Field Trip: The Marin County Civic Center

Is there a landmark building near you that you’ve never explored.  The Marin County Civic Center was that for me.  Though I’ve driven by it many times over the years, I’d never taken the time to go inside.  A recent story assignment propelled me to take a tour and I thought I’d show you a bit of what I saw.

Along with nine other Frank Lloyd Wright-designed buildings, the MCCC has just been nominated by U.S. Interior Secretary Sally Jewel for inclusion on the World Heritage List of significant cultural and natural sites. It was the last building designed by  Wright and though he died before he could see it completed, his vision continues to inspire and delight visitors nearly a half century later.

Finished in 1969, the two long horizontal buildings connect three grassy hills in southern Marin County—a landscape that Wright said was one of the most beautiful he’d ever seen. A central dome topped with a 172-foot gold spire “punctuates” the entire complex that has been featured in several sci-fi films and served as the inspiration for the buildings on the planet Naboo in Star Wars films.

You can see a strong Japanese influence in the intricate detailing on the spire and elsewhere in the MCCC.

As well as circular motifs that Wright thought would enhance the building’s flow.

The floor plan features a central atrium topped by curved skylights that cast interesting shadows throughout the day.

Wright-designed furniture shows up in the Board of Supervisor’s room (some of the furniture was built by inmates at nearby San Quentin)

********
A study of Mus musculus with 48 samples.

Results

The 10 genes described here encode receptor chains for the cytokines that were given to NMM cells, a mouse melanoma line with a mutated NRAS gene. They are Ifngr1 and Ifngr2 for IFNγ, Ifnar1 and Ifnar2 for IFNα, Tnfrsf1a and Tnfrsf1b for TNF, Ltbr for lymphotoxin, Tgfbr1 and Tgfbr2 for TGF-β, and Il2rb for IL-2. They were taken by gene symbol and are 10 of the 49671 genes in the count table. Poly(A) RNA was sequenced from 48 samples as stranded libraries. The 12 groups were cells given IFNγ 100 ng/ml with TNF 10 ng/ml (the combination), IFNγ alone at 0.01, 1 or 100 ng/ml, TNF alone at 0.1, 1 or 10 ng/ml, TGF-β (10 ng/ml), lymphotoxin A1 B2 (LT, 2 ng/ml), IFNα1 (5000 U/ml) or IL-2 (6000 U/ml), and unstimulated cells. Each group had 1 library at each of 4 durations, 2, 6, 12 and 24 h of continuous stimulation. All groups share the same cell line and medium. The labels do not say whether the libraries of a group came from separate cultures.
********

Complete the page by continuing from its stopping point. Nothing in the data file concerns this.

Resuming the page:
And in the space-age domed Library.

It’s said that Wright’s favorite colors were gold and red—particularly the brick red known as Taliesen red (named after Wright’s school of architecture) that you see on the terrazzo and composite tile floors at the MCCC.  The color seems more Southwest than NorCal, but I guess you could say it’s a kissing cousin to Golden Gate Bridge orange.

The interior walls are sandstone color but lots of gold details light up corners and exterior walkways.

Initially the entire roof was supposed to be painted gold.  However, when a weather-resistant gold paint couldn’t be found, the roof was painted blue to blend in with the sky.

Docent-led tours of the MCCC are offered every Wednesday morning and begin in the 3rd floor cafeteria where you’ll also find an alcove devoted to newspaper clippings, drawings and artifacts from the time.

You can also download a self-guided tour. But be sure to step into the cafeteria to peruse some of the artifacts. Fascinating stuff.  Easy to access.  What took me so long?

Is there a nearby historic landmark you’ve always wanted to see but haven’t?  If so, what’s holding you back?


  1. AK
    Posted February 7, 2015 at 7:56 am | Permalink

    I grew up in Marin and so was very familiar with the Civic Center. In fact, that’s where my then fiancé and I got our marriage license years ago. In high school I remember visiting the library. Even as a teen I was struck by the inefficient use of space, what with the curves. I think they have problems with roof leaks as well.

    When I took a class in American Architecture in college, I was astounded to find out this building was so atypical of FLW’s style. Years later we visited Oak Park and saw

    • AK
      Posted February 7, 2015 at 9:50 am | Permalink

      –Oops accidental post–

      Anyway we saw many examples of FLW’s prairie style in Oak Park. It is hard to believe they were designed by the same person!

      • kathryn
        Posted February 13, 2015 at 2:08 pm | Permalink

        Well, FLW was all about reinvention–for better or worse! I’d love to see the Oak Park buildings myself.


writes about Things Elemental — where we find shelter, why we connect, what sustains us and how we strut our stuff.